Examine the program named FUNCOVER.CPP for an example of function name overloading within a class. In this program the constructor is overloaded as well as one of the methods to illustrate what can be done.

This file illustrates some of the uses of overloaded names and a few of the rules for their use. You will recall that the function selected is based on the number and types of the formal parameters only. The type of the return value is not significant in overload resolution.

In this case there are three constructors. The constructor which is actually called is selected by the number and types of the parameters in the definition. In line 77 of the main program the three objects are declared, each with a different number of parameters and inspection of the results will indicate that the correct constructor was called based on the number of parameters.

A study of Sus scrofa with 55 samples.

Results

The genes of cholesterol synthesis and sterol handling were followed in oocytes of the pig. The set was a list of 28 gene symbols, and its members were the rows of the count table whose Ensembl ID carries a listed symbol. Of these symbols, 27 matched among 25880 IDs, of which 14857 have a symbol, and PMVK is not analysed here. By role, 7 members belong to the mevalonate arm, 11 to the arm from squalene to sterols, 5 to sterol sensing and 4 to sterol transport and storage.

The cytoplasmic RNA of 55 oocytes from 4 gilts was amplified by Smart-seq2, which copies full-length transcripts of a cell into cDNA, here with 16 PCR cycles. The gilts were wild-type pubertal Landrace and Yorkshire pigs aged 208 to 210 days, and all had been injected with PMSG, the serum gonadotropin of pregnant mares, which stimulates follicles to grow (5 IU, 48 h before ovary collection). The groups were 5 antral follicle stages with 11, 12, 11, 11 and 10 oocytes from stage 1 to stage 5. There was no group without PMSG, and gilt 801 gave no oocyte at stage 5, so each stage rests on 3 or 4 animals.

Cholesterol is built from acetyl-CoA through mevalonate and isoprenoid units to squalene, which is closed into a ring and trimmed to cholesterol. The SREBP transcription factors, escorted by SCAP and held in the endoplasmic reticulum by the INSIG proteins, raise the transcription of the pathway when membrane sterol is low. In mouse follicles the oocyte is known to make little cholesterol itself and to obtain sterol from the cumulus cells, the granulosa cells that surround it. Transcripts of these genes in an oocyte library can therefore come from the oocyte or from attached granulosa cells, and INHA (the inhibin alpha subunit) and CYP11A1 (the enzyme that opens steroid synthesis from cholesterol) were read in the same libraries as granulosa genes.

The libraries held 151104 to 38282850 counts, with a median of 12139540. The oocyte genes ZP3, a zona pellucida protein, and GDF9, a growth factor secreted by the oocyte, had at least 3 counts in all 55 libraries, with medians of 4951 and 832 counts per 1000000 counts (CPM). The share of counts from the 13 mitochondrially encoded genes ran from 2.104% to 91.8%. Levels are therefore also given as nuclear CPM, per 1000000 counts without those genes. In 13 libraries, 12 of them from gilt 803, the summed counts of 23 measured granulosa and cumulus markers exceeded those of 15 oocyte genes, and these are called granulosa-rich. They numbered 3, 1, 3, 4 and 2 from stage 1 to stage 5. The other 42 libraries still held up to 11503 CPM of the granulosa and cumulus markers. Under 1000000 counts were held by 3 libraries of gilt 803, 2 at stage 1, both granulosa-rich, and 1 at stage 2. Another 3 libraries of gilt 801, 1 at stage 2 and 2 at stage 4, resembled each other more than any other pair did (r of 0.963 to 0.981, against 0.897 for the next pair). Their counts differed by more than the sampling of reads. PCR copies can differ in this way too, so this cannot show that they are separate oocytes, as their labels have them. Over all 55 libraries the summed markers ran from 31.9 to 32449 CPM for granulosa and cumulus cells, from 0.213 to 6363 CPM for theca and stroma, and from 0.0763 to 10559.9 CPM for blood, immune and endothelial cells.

In the case of the other overloaded methods, the number and type of parameters is clearly used to select the proper method. You will notice that one method uses a single integer and another uses a single float type variable, but the system is able to select the correct one. As many overloadings as desired can be used provided that all of the parameter patterns are unique.

You may be thinking that this is a silly thing to do but it is, in fact, a very important topic. Throughout this tutorial we have been using an overloaded operator and you haven’t been the least confused over it. It is the cout operator which operates as an overloaded function since the way it outputs data is a function of the type of its input variable or the field we ask it to display. Many programming languages have overloaded output functions so you can output any data with the same function name.

Be sure to compile and execute this program.